As the complex evidence for climate change builds in the public mind, the role of corruption as a driver of climate change -- for example by accelerating the destruction of forests -- needs to be recognized. Equally urgent is a recognition that several of the key tools for reducing carbon emissions -- such as carbon trading or the big development funds aimed at addressing the problem --may be undermined by corruption (as has already occurred with funds provided by the Clean Development Mechanism in Bangladesh and India, for example).
The Arab Spring created a surge of new publicity about the misdeeds of authoritarian rulers (such as Egypt's Hosni Mubarak, whose family fortune was a major source of discontent, or Tunisia's Ben Ali, who left behind $23 million in cash in his palace when he fled the country). Yet the public resentment against the malefactors who accumulate huge fortunes at public expense continues to be exacerbated by the reluctance of countries such as the United Kingdom and the United States to repatriate these ill-gotten gains. There are cases in Switzerland, France, and the U.K. that show how this logjam can be broken, particularly by resorting to civil rather than criminal law. But the question of how repatriated funds will be spent is a long-standing excuse for inaction. An international trust fund into which these funds could be placed as a first stage to repatriation would validate and expedite a contentious process.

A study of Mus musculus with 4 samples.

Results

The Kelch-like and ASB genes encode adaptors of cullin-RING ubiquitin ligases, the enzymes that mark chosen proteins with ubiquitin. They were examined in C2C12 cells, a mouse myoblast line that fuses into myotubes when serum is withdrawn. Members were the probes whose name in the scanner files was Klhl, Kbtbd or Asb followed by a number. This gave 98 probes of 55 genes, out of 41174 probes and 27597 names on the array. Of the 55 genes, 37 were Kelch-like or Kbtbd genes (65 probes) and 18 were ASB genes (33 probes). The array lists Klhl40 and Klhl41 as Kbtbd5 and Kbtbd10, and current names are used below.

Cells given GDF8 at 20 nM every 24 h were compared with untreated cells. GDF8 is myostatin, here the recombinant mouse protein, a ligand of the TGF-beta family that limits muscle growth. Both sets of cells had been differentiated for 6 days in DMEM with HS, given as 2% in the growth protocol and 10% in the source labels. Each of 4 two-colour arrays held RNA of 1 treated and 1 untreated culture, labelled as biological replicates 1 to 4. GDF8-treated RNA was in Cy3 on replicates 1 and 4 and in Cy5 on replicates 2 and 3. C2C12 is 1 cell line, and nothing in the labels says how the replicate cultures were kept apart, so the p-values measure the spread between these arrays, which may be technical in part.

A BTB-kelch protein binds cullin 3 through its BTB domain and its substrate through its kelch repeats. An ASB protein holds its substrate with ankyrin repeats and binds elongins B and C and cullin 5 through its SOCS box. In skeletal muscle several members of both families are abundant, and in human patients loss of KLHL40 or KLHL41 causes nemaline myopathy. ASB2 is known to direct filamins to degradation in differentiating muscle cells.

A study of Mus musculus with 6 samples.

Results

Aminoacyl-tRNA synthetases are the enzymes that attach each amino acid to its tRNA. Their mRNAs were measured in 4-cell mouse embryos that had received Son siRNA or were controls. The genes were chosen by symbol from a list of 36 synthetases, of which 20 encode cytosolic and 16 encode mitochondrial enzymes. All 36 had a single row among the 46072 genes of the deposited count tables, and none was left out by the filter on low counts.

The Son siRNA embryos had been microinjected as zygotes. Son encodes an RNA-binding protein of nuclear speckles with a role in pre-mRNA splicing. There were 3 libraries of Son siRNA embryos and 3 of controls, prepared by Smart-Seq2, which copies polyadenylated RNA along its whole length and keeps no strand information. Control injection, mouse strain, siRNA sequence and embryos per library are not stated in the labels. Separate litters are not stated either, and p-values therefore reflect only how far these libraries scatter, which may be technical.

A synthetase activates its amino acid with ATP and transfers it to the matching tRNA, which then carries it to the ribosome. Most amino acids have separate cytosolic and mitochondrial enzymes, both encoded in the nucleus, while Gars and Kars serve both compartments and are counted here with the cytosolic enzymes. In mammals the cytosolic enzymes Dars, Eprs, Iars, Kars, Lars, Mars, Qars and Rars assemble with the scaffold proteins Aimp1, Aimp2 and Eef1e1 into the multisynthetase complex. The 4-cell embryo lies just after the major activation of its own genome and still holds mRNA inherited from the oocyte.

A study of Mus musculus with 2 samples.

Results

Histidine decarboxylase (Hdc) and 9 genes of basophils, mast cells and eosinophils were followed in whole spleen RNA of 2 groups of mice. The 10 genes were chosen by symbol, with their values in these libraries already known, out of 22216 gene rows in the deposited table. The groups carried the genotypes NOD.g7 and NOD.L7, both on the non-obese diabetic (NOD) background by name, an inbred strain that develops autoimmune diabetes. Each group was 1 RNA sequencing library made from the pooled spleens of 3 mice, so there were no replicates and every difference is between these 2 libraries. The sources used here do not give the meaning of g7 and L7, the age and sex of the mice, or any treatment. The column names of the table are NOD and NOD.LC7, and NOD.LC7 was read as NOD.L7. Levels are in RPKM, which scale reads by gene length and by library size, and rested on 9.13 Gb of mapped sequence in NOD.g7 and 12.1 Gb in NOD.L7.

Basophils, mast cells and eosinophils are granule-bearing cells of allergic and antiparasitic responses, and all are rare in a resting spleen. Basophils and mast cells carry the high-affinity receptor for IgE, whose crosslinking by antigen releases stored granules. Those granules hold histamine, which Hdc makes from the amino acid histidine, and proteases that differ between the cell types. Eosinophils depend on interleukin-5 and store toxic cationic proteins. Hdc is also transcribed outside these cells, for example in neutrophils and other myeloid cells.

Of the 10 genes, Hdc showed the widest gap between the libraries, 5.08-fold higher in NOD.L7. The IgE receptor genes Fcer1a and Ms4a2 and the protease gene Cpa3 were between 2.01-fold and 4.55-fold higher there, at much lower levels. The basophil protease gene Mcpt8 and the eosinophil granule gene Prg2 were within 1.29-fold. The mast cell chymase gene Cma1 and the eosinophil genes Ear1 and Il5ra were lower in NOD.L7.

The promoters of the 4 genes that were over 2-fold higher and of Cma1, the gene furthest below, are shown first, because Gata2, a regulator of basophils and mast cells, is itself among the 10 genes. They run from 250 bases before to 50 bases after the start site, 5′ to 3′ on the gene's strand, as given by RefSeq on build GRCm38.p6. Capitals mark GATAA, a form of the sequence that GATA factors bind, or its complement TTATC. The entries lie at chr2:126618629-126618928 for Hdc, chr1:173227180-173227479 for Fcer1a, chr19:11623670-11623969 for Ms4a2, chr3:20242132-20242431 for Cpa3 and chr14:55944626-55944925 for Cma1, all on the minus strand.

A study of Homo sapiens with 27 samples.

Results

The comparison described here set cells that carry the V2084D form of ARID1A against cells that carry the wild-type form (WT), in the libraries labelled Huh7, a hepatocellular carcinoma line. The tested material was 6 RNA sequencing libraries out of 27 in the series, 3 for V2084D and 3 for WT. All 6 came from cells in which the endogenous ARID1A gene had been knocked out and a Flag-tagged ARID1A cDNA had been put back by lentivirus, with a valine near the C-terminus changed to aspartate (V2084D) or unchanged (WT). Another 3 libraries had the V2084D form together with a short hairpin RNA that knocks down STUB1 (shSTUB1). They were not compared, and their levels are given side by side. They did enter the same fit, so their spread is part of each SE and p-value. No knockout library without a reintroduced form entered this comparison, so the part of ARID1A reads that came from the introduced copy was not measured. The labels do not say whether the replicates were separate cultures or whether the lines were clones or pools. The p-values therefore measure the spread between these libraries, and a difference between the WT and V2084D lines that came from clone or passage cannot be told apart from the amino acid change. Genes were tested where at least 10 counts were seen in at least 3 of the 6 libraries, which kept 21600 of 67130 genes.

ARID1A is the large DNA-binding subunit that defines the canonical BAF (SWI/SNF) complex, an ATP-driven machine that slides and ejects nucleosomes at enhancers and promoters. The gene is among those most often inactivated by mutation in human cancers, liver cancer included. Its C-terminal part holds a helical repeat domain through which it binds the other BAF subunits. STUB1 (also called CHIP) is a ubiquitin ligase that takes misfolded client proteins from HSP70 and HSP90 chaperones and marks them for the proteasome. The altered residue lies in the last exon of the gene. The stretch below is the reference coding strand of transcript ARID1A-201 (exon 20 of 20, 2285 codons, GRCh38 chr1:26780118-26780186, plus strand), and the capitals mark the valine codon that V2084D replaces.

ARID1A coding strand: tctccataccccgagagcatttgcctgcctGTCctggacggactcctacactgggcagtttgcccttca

Last but not least, there is the ubiquitous small-scale corruption that beggars the lives of at least two billion people across the globe, perfectly described by Katherine Boo in her book Behind The Beautiful Forevers, about a Mumbai slum. While this is driven by a myriad of local circumstances, every bribe paid by a western tourist or by a trading company to clear a container feeds into the slough of despair that dogs the lives of so many of the world's poorest. The U.S. Foreign Corrupt Practices Act (as well as many of the foreign bribery laws passed by OECD member states in the last few years) actually permits "grease payments" (small-scale bribes that expedite everyday life and business). It is time for all of that to go.
The G20 certainly has the capacity to make progress. The milestones identified here go well beyond the group's official agenda. If real progress is made on the official agenda, there will still be plenty left for Australia to do when it take up the G20 Chair in 2014.